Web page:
Read, Discuss, and Learn: Using Literacy Groups to Student Advantage by Lisa A. FisherRead, Discuss, and Learn: Using Literacy Groups to Student Advantage by Lisa A. Fisher

Read, Discuss, and Learn: Using Literacy Groups to Student Advantage

byLisa A. Fisher

Paperback | August 16, 2010

Lisa A. Fisher is an adjunct instructor for Pasco-Hernando Community College, where she teaches remedial reading courses for college-bound adults. She has been a reading teacher and then a reading coach at a middle school in Pasco County. She currently serves as a literacy coach at a high school.

The following ISBNs are associated with this title:

ISBN - 10:1607094290

ISBN - 13:9781607094296


Chapter 1 Foreword Chapter 2 Preface Chapter 3 Prologue Chapter 4 Students' Voices Create Model Literacy Groups Chapter 5 Understanding Literacy Groups Chapter 6 Designing Literacy Groups Chapter 7 Student and Teacher Accountability Chapter 8 Differentiated Assessment Chapter 9 Getting the Last Word In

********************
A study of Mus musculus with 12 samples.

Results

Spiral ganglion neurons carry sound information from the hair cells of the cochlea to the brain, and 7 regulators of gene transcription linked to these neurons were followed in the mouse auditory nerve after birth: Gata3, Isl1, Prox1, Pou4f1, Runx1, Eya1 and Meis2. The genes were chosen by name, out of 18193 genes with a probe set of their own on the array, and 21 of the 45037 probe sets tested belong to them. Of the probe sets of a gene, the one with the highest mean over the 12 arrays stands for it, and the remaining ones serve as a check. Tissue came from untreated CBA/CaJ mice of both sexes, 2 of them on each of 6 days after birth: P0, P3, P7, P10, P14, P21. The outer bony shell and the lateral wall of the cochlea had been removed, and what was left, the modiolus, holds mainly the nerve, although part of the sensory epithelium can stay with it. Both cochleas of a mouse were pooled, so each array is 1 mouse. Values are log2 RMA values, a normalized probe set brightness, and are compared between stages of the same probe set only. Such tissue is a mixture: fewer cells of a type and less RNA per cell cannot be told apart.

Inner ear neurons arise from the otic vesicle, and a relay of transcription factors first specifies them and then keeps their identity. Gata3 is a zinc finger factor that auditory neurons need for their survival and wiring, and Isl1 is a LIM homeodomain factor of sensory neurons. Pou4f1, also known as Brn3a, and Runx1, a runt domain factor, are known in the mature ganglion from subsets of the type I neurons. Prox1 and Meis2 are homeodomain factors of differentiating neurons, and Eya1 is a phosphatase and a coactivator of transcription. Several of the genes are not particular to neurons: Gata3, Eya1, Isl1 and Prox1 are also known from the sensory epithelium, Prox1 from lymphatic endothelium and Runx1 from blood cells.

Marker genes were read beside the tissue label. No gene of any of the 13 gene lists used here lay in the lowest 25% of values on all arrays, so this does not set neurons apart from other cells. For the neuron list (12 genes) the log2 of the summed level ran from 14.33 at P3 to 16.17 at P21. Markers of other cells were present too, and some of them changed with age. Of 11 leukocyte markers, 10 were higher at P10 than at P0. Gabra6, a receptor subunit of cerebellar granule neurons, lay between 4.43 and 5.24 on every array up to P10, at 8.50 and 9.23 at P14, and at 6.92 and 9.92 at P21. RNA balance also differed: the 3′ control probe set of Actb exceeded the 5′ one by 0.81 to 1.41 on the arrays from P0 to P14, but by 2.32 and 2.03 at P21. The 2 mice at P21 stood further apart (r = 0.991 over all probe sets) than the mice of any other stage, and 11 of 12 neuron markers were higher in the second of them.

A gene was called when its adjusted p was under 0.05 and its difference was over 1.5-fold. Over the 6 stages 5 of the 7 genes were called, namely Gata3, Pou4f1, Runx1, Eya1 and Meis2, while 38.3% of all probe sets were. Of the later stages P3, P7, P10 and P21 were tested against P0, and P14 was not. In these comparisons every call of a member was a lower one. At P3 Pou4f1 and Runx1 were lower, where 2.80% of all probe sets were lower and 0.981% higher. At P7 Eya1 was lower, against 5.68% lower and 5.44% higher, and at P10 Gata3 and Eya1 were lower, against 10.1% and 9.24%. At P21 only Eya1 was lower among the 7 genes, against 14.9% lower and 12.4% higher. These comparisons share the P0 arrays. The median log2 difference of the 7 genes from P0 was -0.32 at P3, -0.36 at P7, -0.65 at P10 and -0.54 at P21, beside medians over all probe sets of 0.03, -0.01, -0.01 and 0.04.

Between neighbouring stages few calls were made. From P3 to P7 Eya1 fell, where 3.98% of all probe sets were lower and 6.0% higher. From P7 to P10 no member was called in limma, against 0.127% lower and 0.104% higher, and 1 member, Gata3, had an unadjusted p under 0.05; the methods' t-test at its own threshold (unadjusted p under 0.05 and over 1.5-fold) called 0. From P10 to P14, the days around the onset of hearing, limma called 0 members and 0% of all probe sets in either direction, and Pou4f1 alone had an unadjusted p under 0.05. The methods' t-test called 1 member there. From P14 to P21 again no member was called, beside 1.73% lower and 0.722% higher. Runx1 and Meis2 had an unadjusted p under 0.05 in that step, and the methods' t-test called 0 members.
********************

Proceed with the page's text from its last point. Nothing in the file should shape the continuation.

Editorial Reviews

Here is a book written in a style that makes readers feel as though they are sitting at a coffee table with their peers and discussing how to teach literacy. It is conversational in tone, includes developmental steps, and focuses on practical applications. Fisher (adjunct instructor, Pasco-Hernando Community College) presents a systematic approach for introducing and sequencing the progress of literacy groups. She supports this approach with research and personal experience and promotes the use of literacy groups in all content areas and as tools for student motivation, teamwork, role responsibility, and learning. Student motivation often partners with the desire to interact socially while learning new things. Teamwork develops when students learn to cooperate with positive interaction skills and rely on one another to successfully complete assigned roles. Instructors can then use strategies outlined in the appendices to teach the necessary reading skills and concepts to assist students in becoming successful, independent critical readers. Assessment activities are included to assist teachers in evaluating student learning. Fisher's book on literacy group instruction will assist student learning in any content area. Summing Up: Recommended.